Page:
Draft boards seek volunteers
Among David Kubit's volunteer jobs is one he hopes never to do.
Kubit, 52, of Lawrenceville is vice chairman of Allegheny County Draft Board No. 15, one of many volunteer-staffed boards around the country that would be responsible for reviewing appeals and granting deferments if Congress ever reinstates a military draft.
“I'd prefer not to have to hear from anybody or rule on anybody,” said Kubit, a board member since the early 1980s.
Draft boards throughout Pennsylvania need a few good volunteers.
The military draft ended with the fighting in Vietnam, but men living in the United States must register with the Selective Service System within 30 days of their 18th birthday. Despite the recent decision allowing women to be assigned combat roles, only men have to register.
In Western Pennsylvania, the 26 boards have 27 vacancies. And the Selective Service reserve forces officer for the region, who coordinates the system, is being replaced, said Lt. Col. Marc Schwarzkopf, reserve officer for the central region of Pennsylvania and an Army reservist.
Pennsylvania has 85 local draft boards and 59 vacancies among the 425 authorized board members, Schwarzkopf said. Each board has five members.
The positions are unpaid. In the event of a draft, board members likely would be compensated if their service took them from work, he said.
“I volunteered out of a sense of obligation ... a yearning to touch base with the military and all that they do,” said Kubit, the son of a World War II Navy veteran who also volunteers at Carnegie Science Center and Manchester Bidwell Corp. in the North Side.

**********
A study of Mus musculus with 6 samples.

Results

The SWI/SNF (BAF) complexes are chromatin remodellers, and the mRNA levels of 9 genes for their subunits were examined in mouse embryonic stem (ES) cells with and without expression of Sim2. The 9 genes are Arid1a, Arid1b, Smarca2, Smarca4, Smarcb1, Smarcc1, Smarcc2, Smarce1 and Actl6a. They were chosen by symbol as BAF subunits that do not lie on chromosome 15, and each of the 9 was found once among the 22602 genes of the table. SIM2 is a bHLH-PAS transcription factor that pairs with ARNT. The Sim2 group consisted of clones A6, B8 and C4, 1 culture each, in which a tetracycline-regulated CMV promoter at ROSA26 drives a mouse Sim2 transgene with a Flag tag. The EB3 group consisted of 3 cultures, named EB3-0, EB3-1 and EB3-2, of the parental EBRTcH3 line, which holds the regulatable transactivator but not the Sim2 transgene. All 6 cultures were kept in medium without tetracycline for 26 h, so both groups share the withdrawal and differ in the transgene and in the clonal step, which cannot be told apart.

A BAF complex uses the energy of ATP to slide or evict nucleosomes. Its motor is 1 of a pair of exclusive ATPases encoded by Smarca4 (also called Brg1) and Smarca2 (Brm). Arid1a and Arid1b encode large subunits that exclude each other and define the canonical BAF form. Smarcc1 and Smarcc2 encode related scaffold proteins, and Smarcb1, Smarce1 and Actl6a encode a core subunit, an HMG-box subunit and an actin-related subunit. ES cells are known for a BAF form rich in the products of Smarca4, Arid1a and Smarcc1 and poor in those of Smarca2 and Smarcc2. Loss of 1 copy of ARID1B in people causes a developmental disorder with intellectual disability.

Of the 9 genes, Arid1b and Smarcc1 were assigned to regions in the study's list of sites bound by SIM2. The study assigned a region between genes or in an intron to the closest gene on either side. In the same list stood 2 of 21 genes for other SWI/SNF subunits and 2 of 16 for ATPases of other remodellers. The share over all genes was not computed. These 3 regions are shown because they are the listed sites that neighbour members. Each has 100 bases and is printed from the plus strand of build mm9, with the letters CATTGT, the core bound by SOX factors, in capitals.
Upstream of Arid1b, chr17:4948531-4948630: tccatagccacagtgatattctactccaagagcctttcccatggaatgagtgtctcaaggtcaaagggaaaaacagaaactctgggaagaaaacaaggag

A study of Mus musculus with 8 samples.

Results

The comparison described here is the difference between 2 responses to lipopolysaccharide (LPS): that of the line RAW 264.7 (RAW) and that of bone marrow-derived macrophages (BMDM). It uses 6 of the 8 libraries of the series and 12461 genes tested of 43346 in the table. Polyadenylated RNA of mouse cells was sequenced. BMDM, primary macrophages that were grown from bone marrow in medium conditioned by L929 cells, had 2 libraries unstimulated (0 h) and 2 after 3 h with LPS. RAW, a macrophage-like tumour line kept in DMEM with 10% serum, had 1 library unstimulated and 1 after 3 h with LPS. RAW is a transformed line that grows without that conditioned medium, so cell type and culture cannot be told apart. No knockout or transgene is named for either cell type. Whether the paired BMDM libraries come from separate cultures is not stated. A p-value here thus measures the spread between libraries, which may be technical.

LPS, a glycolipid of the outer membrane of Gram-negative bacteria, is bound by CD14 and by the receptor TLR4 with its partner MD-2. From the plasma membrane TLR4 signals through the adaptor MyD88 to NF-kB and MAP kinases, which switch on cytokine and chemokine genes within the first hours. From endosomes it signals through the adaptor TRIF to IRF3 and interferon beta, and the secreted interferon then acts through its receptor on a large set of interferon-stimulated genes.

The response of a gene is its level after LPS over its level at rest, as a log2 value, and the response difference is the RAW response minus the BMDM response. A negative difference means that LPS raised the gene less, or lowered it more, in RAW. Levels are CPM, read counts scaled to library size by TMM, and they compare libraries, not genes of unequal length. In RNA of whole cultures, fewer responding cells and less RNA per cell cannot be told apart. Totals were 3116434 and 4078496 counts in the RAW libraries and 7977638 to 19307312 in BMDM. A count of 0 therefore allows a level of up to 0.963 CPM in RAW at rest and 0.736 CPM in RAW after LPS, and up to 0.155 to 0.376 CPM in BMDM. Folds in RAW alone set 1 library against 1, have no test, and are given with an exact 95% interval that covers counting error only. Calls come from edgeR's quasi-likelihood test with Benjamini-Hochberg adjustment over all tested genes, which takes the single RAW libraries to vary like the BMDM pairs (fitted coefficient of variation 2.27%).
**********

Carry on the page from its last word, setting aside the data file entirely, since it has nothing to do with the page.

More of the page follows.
Randall Forester, a pastor at St. Paul's Community Church in Chicora, said he joined the Armstrong County draft board two years ago because he wanted to be sure that if the draft is reinstated, he could serve as a fair and impartial judge.
“If there ever is another draft, I want to see that it's implemented in a fair and equitable way,” said Forester, 42, of Chicora. “People may look at us askance, like we're meeting for the sake of meeting or training for the sake of training, but it's so good people aren't left out of the loop when and if something happens.”
Lisa Guido, a recent appointee to the board serving the New Kensington area, said she volunteered because many of her friends in military service were called to multiple or extended tours of duty in Iraq and Afghanistan. She heard many stories about Vietnam draftees going to war unprepared.
“(A draft) has to be done right in order for it to work; the further ahead people are trained, the better prepared they are,” said Guido, 41, of Lower Burrell, a business continuity manager for BNY Mellon who helps businesses prepare for disasters or disruptions.
The Selective Service maintains a database of registrations in case a war, disaster or other emergency leads Congress and the president to reinstate the draft.
“Our field structure is so small now,” said Midge Stilke, program manager for Selective Service. “But in the event we get mobilized, area offices would open up and hire more staff.”
The boards would hear appeals from draftees and decide whether to grant deferments based upon disabilities, religious or moral objections to military service, or factors such as adult children serving as family caretakers, Kubit said.
The number of draft boards in each county depends on its population. Some have one; rural counties may share a board, and urban counties can have several.
Potential board members must be age 18 or older and cannot be active-duty or retired from any branch of the military.
Board members get eight hours of training, with “refresher” training every few years. They convene once every two or three years to review duties as a group, Schwarzkopf said.
The Selective Service operates on a yearly budget of about $25 million, according to its annual report to Congress.
Matthew Santoni is a staff writer for Trib Total Media. He can be reached at 412-380-5625 or firstname.lastname@example.org.